Never in history has it been a time when the Bitcoin prices have fallen below the previous bull market peak. This is a result of the playout of macro as well crypto-specific scenarios.
The sentiment in the space turned sour soon. This situation has many people wondering if we have reached the max pain, i.e., the “bottom.”
One way to find out is to compare the past bear market lows to the current situation. First crypto market cycle, BTC hit a high of $32 in June 2011 and then fell to $2 in November of the same year. This accounted for an almost 90% drop in the prices which took about five months to clock in the bottom.
During the second cycle, Bitcoin hit a high of about $1,100 in November 2013 and a cyclical low of $180 in January 2015. This works out to be an 80% drop in the risk asset.
Bitcoin Prices Falls Below 2017 Highs
The third market cycle involved Bitcoin reaching a high of $20,000 in December 2017 and falling all the way to $3,200 in December 2018.
This prints an 80% drop in the asset’s price. Furthermore, it took nearly a year for Bitcoin to find its bottom.
In 2021, Bitcoin made a high of $69,000 in November. To account for the 80% drop in the previous bear market phases, this time, Bitcoin could drop as low as $13,800. For a bottom-to-check-in, it might take around 5-6 more months for the markets to witness the point of max pain.
It’s a bear sign for the crypto markets as the dominance of the dollar index increases.
This indicates that the market player tends to take out profits and stack up cash reserves. Moreover, the rising energy prices have caused inflation to reach 40-year highs. This has led to decreased buying power and less money on investing table.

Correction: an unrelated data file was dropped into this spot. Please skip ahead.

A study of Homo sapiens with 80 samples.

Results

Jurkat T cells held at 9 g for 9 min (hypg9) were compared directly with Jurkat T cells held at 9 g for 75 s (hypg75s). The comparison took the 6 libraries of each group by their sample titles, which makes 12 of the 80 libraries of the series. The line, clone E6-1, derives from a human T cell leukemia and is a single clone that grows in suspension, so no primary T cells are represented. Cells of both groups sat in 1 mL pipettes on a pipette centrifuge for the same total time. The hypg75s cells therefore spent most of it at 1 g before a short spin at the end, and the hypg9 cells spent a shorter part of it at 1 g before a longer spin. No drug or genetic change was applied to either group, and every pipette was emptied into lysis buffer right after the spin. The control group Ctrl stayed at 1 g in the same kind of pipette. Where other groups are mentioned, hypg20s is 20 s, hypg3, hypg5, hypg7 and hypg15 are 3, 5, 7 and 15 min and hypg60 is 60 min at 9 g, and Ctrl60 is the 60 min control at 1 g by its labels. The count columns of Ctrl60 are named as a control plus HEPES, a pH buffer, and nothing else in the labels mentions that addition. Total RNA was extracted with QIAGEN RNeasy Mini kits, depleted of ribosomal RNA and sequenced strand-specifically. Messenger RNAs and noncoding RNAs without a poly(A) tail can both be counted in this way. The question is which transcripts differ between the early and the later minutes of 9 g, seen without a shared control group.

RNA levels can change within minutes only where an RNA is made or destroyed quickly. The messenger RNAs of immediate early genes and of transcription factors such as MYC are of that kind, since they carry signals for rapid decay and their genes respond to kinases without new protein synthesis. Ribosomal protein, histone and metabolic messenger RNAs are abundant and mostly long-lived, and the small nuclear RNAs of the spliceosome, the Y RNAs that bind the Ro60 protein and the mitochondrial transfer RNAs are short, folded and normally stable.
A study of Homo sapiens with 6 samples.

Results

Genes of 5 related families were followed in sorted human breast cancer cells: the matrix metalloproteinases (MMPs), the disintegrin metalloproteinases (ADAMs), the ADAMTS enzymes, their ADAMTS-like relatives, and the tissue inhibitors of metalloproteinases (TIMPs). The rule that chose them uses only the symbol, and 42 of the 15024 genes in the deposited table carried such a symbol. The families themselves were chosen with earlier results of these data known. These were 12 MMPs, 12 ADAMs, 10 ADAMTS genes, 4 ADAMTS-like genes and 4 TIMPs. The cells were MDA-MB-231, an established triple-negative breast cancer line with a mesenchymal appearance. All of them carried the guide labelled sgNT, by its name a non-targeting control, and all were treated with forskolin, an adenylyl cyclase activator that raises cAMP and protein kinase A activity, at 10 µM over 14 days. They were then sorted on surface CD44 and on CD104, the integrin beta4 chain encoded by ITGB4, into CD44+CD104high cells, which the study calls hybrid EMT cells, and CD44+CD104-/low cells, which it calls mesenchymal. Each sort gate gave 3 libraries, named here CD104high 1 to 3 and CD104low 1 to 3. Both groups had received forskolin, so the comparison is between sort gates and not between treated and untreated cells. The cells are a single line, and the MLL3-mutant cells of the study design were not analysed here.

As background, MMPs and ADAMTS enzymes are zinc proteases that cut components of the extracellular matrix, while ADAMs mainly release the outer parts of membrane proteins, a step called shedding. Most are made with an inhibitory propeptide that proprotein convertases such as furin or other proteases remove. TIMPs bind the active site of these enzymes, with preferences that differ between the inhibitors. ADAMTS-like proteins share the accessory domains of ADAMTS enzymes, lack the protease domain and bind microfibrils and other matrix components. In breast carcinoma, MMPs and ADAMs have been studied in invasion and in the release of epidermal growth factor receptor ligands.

Onchain data signals capitulation
Observing on-chain activity, capitulation is evident through realized losses, net unrealized profit/loss, and Spent Output Profit Ratio. In the chart below, the red area indicates the Net Unrealized Loss suffered by investors in the crypto markets.
Additionally, miners also have to capitulate in this bear market.
Their cash flows from the mining income have been shrinking,
Surprisingly, miner selling activity has a significantly low impact on Bitcoin’s trading prices.
Data suggests that if newly issued minted Bitcoins are sold onto trading markets each day, it would only add to 900 Bitcoins of selling pressure.
This represents 1%-1.5% of total daily volume.
A healthier derivatives market would allow miners more options in potential hedging strategies.
Furthermore, mining companies that have expanded too fast with leveraged balance sheets in recent years are struggling. The cost of running a farm demands vast cash flow and maintenance. The rising Bitcoin price was one of the strongest ways to subside this expense.
This has resulted in forcing them to restructure their operations.